WATCH: Scientists at Oregon State University have developed a new form of edible seaweed that when cooked, tastes like bacon.

TORONTO — It might just be the unicorn of food — seaweed that tastes like bacon and packs a huge nutritional punch.

“Dulse is a superfood, with twice the nutritional value of kale,” said Chuck Toombs of Oregon State University, where a team of researchers has patented a new strain of the algae.


Not only does dulse contain about 16 per cent protein, it also has antioxidant properties and quite a lot of vitamins A and C, according to Langdon.

His research team received a grant from the Oregon Department of Agriculture to explore dulse as a “specialty crop.” It’s apparently the first time a seaweed has made the list. But dulse itself is not a new discovery. It’s been used as a food for humans for centuries.


“In Europe, they add the powder to smoothies, or add flakes onto food,” Langdon said. “There hasn’t been a lot of interest in using it in a fresh form. But this stuff is pretty amazing.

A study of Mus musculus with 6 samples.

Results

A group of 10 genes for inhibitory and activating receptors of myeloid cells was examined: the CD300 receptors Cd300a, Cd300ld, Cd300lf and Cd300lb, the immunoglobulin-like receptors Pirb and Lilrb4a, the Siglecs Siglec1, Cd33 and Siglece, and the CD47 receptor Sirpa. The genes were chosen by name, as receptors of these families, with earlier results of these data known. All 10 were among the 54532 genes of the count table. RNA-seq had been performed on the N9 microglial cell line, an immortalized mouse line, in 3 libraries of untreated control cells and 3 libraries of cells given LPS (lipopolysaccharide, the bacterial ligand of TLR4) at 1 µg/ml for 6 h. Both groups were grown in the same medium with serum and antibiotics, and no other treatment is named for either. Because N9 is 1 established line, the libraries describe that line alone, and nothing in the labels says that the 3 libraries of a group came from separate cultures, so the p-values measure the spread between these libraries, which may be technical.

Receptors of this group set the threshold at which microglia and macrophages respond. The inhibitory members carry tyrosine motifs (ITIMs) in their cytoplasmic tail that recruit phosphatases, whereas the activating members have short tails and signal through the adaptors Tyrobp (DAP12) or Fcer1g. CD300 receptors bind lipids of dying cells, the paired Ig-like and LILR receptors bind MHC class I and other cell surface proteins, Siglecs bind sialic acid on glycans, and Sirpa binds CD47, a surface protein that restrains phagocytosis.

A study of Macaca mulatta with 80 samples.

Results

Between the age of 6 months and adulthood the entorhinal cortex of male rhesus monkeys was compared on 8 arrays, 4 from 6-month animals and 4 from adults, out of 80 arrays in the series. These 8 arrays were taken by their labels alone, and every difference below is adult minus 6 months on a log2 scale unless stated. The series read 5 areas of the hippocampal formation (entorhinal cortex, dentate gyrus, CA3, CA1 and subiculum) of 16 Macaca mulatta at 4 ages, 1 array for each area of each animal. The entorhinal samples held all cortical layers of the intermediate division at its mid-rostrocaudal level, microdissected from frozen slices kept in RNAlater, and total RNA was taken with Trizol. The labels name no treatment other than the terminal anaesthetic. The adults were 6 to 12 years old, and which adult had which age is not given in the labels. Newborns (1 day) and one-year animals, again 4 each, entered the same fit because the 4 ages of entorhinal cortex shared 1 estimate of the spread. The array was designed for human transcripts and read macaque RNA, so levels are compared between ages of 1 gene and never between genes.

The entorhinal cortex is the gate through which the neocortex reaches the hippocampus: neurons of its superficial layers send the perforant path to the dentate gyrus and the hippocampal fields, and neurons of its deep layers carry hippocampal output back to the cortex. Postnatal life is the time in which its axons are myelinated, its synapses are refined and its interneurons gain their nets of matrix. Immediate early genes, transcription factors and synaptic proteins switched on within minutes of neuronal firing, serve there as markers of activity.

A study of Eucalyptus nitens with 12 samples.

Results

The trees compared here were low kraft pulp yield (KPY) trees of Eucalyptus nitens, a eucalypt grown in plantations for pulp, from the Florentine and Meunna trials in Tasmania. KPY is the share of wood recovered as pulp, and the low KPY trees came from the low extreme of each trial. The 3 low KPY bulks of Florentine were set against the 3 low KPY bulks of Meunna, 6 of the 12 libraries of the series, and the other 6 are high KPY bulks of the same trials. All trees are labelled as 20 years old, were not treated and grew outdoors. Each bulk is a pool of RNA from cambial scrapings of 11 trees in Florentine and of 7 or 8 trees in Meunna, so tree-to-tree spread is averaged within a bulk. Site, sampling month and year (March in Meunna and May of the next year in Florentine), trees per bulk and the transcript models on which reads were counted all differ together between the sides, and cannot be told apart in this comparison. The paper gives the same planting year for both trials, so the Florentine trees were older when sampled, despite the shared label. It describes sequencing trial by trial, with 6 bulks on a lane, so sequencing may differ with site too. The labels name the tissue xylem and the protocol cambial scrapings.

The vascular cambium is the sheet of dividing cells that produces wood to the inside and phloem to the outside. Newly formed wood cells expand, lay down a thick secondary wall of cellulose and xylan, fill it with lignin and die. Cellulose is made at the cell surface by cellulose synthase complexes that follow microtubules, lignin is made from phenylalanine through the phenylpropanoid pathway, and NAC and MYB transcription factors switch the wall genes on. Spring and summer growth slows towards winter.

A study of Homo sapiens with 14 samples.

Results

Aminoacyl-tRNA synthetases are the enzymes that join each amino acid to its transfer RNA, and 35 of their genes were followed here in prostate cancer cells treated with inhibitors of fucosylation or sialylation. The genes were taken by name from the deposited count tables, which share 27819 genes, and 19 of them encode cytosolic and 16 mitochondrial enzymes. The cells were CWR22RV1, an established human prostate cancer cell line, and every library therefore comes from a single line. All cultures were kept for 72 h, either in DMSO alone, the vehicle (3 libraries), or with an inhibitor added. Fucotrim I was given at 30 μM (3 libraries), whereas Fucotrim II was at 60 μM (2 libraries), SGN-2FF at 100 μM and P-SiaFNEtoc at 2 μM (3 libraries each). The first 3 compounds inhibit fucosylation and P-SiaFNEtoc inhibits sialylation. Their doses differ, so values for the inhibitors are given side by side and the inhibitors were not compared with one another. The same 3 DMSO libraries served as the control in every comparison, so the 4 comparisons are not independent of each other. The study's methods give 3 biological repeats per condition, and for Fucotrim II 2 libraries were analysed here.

“When you fry it, which I have done, it tastes like bacon, not seaweed. And it’s a pretty strong bacon flavor.”


bacon seaweed
Chris Langdon has been growing and studying dulse at Hatfield Marine Science Center in Newport Oregon for decades and is now working with the Food Innovation Center in Portland on creating healthy and appealing dishes. Stephen Ward, OSU Extension and Experiment Station Communications
bacon seaweed
Chris Langdon has been growing and studying dulse at Hatfield Marine Science Center in Newport Oregon for decades and is now working with the Food Innovation Center in Portland on creating healthy and appealing dishes. Stephen Ward, OSU Extension and Experiment Station Communications

Dulse-based rice crackers and salad dressing are, so far, among the most promising creations.

“Theoretically, you could create an industry in eastern Oregon almost as easily as you could along the coast with a bit of supplementation. You just need a modest amount of seawater and some sunshine.”